November 6, 2003 (Ira Pilgrim)

Outsmarting Mice

Any trap can catch a mouse. When the mouse knows its way around the house better than you do, it takes skill and intelligence to catch it.

I have been told that it is impossible to build a mouse-proof house. Nonsense! I built one, and for over 10 years there wasn't a trace of a mouse. The secret is simple. Build it tight and strong and make sure that doors and windows have no large cracks in them. However, as Robert Burns said "The best laid schemes o mice an' men Gang aft a-gley" (go oft amiss); hence this column about how to get rid of mice.

It all started when the cap on the clothes dryer vent fell off. I thought nothing of it until we began seeing signs of mice. The clincher was a dead mouse inside of the dryer. Mice had walked up the 8 foot high wall and into the house via the dryer.

It was a simple matter to fix the dryer vent. Getting rid of the mice was quite a bit harder. I wrote about it in an earlier column ( ).

After much frustration, including finding mouse nests in the strangest places and finding food in our pantry eaten, and mouse droppings all over the place, I decided to declare total war on the mice that had made their home in my house.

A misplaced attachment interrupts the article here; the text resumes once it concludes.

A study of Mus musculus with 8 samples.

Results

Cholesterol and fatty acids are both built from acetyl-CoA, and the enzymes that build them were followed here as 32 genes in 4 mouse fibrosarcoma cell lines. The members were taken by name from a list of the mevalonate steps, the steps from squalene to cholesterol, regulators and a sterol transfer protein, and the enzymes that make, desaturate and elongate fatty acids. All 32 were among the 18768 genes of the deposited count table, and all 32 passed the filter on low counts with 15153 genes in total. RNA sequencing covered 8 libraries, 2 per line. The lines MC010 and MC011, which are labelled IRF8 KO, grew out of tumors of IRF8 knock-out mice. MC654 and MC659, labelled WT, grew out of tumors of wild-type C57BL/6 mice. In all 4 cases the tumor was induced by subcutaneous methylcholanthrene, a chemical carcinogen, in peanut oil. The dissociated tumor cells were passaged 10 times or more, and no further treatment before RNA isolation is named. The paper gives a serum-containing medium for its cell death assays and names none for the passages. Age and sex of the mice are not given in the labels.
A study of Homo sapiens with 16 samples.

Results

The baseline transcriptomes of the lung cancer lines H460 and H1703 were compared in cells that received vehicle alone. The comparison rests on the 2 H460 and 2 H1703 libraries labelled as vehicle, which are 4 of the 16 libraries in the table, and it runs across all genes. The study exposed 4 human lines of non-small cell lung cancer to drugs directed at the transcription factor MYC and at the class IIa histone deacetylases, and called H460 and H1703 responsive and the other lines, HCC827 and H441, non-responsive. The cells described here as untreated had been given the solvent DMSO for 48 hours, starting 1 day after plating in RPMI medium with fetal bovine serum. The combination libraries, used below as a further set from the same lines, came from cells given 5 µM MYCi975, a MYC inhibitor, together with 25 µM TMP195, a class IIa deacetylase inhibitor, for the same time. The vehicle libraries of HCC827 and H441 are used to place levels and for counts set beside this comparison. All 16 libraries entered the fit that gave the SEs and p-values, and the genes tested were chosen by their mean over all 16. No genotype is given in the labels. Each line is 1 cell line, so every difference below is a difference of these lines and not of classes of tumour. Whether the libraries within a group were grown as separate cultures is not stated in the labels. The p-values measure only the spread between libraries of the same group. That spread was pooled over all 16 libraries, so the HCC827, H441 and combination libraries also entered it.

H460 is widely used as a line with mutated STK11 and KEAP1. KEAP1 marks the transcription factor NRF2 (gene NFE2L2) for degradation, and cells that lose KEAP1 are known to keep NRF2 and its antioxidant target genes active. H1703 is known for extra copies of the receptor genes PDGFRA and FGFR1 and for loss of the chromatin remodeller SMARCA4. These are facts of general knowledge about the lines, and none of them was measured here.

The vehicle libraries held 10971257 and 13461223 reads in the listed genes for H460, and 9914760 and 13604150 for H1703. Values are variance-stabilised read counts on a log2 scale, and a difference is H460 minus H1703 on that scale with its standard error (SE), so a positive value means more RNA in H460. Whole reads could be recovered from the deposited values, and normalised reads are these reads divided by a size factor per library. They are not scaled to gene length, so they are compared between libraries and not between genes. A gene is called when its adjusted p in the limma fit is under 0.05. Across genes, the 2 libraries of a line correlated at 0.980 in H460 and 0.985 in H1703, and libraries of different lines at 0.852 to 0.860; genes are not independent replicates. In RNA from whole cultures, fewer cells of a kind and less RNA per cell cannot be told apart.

First I tried all kinds of traps, until the mice got wise to it and wouldn't touch peanut butter. Almost every trap worked once or twice; and only once or twice. The mice seemed to be able to distinguish between bait and other kinds of food. Their favorite food seemed to be pistachio nuts. One even nibbled at a Snickers bar, and every kind of nut was a free meal. It seemed obvious that a mouse wouldn't mess with a trap if any other food was available, so I decided to have no food available to the mice. Everything edible was put into jars or plastic containers. The cat's food was covered at night.

I bought almost every kind of trap available. My aim was to get every single mouse in the house.

One trap proved to be outstanding. It is called Raquel's mouse and rat trap and I bought it on Ebay. It is the best small animal live trap that I have ever used. A close second was a live trap used by a zoologist at the University of California to catch voles. However, some mice (or maybe just one) figured out how to get out of it until I placed some magnets to secure the door when the trap was sprung. It is not commercially available.

The last mice that I caught were: 1. A mature male deer mouse. 2. A lactating female. 3.A juvenile mouse. I assume from the fact that there was a stink for a few weeks after I caught them, that the female's litter had died and decomposed.

It has been long enough so that I am fairly certain that the mice in my house are gone. I am as proud of that accomplishment as I would have been had I, single handed, captured a family of wild tigers.